Correction: CNS-Offshore Drilling story
RICHMOND, Va. (AP) — In a story Jan. 24 about failed legislation to ban offshore drilling, a VCU Capital News Service story published by The Associated Press erroneously reported part of a quote from a spokesperson for a petroleum group. A spokesperson for the Virginia Petroleum Council called the bill “premature,” not “immature.”
A corrected version of the story is below:
Senate panel rejects ban on offshore oil drilling
A bipartisan bill to ban oil drilling off Virginia’s coast was shot down on a 9-6 vote in a Senate committee Thursday.
By SERENA FISCHER
Capital News Service
RICHMOND, Va. (AP) — A bipartisan bill to ban oil drilling off Virginia’s coast was shot down on a 9-6 vote in a Senate committee Thursday.
The Senate Committee on Agriculture, Conservation and Natural Resources killed SB 1573, which sought to prohibit permits for oil and gas exploration or drilling “in the beds of any waters of the Commonwealth.”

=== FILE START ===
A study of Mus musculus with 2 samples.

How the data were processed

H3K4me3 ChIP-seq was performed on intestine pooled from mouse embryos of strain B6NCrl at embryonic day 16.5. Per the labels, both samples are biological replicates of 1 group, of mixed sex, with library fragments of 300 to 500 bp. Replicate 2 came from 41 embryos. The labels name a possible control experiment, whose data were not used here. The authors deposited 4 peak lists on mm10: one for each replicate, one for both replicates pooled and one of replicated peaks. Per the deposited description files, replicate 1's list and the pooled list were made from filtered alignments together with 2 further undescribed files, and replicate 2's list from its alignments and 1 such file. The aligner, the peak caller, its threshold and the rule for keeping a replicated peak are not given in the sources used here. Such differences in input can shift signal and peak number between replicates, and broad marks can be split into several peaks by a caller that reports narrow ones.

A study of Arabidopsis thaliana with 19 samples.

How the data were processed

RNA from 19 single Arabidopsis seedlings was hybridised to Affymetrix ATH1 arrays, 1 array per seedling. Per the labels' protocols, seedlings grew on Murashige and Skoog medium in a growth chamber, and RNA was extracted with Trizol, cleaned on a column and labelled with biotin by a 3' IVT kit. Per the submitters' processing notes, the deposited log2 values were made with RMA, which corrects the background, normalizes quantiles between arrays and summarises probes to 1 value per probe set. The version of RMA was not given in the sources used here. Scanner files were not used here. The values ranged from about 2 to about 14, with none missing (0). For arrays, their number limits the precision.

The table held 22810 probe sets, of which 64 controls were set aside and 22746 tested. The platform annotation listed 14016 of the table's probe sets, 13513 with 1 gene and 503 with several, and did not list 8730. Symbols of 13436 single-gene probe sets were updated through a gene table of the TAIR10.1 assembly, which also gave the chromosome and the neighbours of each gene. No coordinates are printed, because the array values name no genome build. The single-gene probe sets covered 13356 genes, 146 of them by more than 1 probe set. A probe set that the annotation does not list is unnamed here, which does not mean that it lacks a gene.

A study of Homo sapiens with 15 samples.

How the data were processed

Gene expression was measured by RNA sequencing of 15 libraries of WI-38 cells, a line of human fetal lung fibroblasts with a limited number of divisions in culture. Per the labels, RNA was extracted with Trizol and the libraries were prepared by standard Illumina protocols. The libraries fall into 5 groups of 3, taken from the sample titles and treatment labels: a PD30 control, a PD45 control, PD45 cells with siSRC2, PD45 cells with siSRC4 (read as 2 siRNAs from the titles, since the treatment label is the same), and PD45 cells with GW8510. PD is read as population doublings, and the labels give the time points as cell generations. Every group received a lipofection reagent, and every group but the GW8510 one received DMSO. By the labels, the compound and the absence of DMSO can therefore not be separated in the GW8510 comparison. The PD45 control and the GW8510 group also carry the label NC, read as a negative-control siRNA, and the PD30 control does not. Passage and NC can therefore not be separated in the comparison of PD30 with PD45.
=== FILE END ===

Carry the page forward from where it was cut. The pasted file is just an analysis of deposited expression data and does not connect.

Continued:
The bill, sponsored by Sen. Bill DeSteph, R-Virginia Beach, also would have repealed a section of the Code of Virginia that supports federal efforts for natural gas exploration up to 50 miles offshore. Current law allows for the authorization of oil and gas leases on state-owned bottomlands (subaqueous lands within three miles of the shore).
“We rely on having clean beaches,” DeSteph said.
The bill was co-sponsored by two Democrats — Sens. Monty Mason of Williamsburg and Lionell Spruill Sr. of Chesapeake.
DeSteph and several speakers, including small-business owners and environmental lobbyists, said offshore drilling impacts more than just Virginia’s wildlife. They said Virginia Beach’s two biggest industries, tourism and the military, could be threatened by pollution and unsightly oil rigs.
Virginia Beach hotel owner Diana Burke said offshore drilling could hurt her business.
Groups such as the Virginia Petroleum Council and the Virginia Chamber of Commerce voiced opposition to DeSteph’s bill.
A spokesperson for the petroleum group called the legislation “premature” and suggested that state officials “wait until more information can be gathered.”
This story was produced by the Virginia Commonwealth University’s Capital News Service.